The Youngstown Vindicator
August 5, 2012
In late June, the U.S. Supreme Court ruled that a mandatory sentence of life in prison without the possibility of parole imposed upon a juvenile violated the Eighth Amendment ban against “cruel and unusual punishment.”
The decision was overshadowed by the court’s controversial ruling to uphold the Affordable Care Act. In Miller v. Alabama the Supreme Court did not outlaw life sentences for juveniles. Prosecutors in Ohio, Pennsylvania and across the country can still pursue life sentences for juvenile killers. The court ruled that state lawmakers cannot force judges to impose life sentences on juveniles.
Pennsylvania, where there are about 480 inmates serving life without parole for killings committed as juveniles, is trying to figure out how to proceed. Ohio has just two juvenile lifers. “Obviously there’s some urgency to us to resolve this issue,” Sen. Stewart Greenleaf, chairman of the Senate Judiciary Committee, told the Pittsburgh Post-Gazette.
Two recent appellate court cases — one before the state Supreme Court and the other a state Superior Court decision—promise to provide guidance at some point.
Both cases had been held in abeyance as the Pennsylvania courts waited on the U.S. Supreme Court’s decision in Miller.
The state Supreme Court now has asked the prosecution and defense in Commonwealth vs. Batts to file supplemental briefs recommending “the appropriate remedy” and “what relief, if any” the court should consider for juvenile lifers.
In a separate decision, the Superior Court vacated two life without parole sentences in Commonwealth vs. Knox and remanded the cases to the trial court “for the limited purpose of re-sentencing.”
This week, attorneys in York County, Pennsylvania asked a judge to vacate the life without parole sentence of a 15-year-old convicted of second degree murder and schedule a new sentencing hearing.
“It’s a mess,” Assistant district attorney Lishani Sunday told the York Daily Record. She said the U.S. Supreme Court, the Pennsylvania appellate courts and the state legislature have failed to provide district attorneys with any guidance on what sentence former juvenile lifers should receive.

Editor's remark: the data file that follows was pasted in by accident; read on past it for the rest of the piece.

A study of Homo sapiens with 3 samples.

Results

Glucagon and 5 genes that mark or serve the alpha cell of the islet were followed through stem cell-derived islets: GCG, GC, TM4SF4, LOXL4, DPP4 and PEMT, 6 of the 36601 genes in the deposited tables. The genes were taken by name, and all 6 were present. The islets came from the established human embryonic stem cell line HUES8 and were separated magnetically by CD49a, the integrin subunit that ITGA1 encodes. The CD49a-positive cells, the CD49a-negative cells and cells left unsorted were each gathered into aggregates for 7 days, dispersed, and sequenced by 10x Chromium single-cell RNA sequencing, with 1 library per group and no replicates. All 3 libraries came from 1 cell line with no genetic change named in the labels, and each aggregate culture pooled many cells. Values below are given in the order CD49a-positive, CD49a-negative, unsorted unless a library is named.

While leaving the possibility of life in prison without parole on the table, the high court mandated that judges consider a number of factors, including the defendant’s background, blameworthiness, amenability to rehabilitation and maturity, before imposing sentence.
With more “juvenile” lifers than any other state, the Pennsylvania legislature recently conducted a hearing to examine the options for juvenile lifers. Those testifying offered a number of options.
Mark Bergstrom, executive director of the Pennsylvania Commission on Sentencing, suggested that the legislature create a bifurcated sentencing hearing. “A judge or jury could consider all relevant factors before deciding a sentence from choices defined in the statute.” He also suggested excluding life without parole for offenders under a certain age.
Lourdes Rosado, an attorney from the Juvenile Law Center, suggested the legislature craft a sentencing statute that would cap juvenile sentences for first degree murder at 40 years and make an offender eligible for parole after 20 years. For second degree murder she supports a cap at 20 years and parole eligibility at 10 years. Currently second degree murder is punishable by life in prison without parole.
The Pennsylvania District Attorneys Association, supported by the Pennsylvania Office of Attorney General, suggested that juveniles convicted of first or second degree murder not be eligible for parole until age 60. Anything less would be untenable.
“Any mandatory minimum for first or second degree murder ... set at 20 years or lower could lead to [an] absurd result,” testified Lancaster County District Attorney Craig Stedman. He was alluding to a murder conviction for a juvenile resulting in less time than a conviction for possessing child pornography or shooting at, but not killing, a police officer.
Finally, the Pennsylvania Association of Criminal Defense Lawyers suggested that no juvenile under the age of 15 should be subject to life in prison without parole. For those 15-years-old or older, “A term of years such as that imposed for third degree murder ... should be included in the statutory scheme.”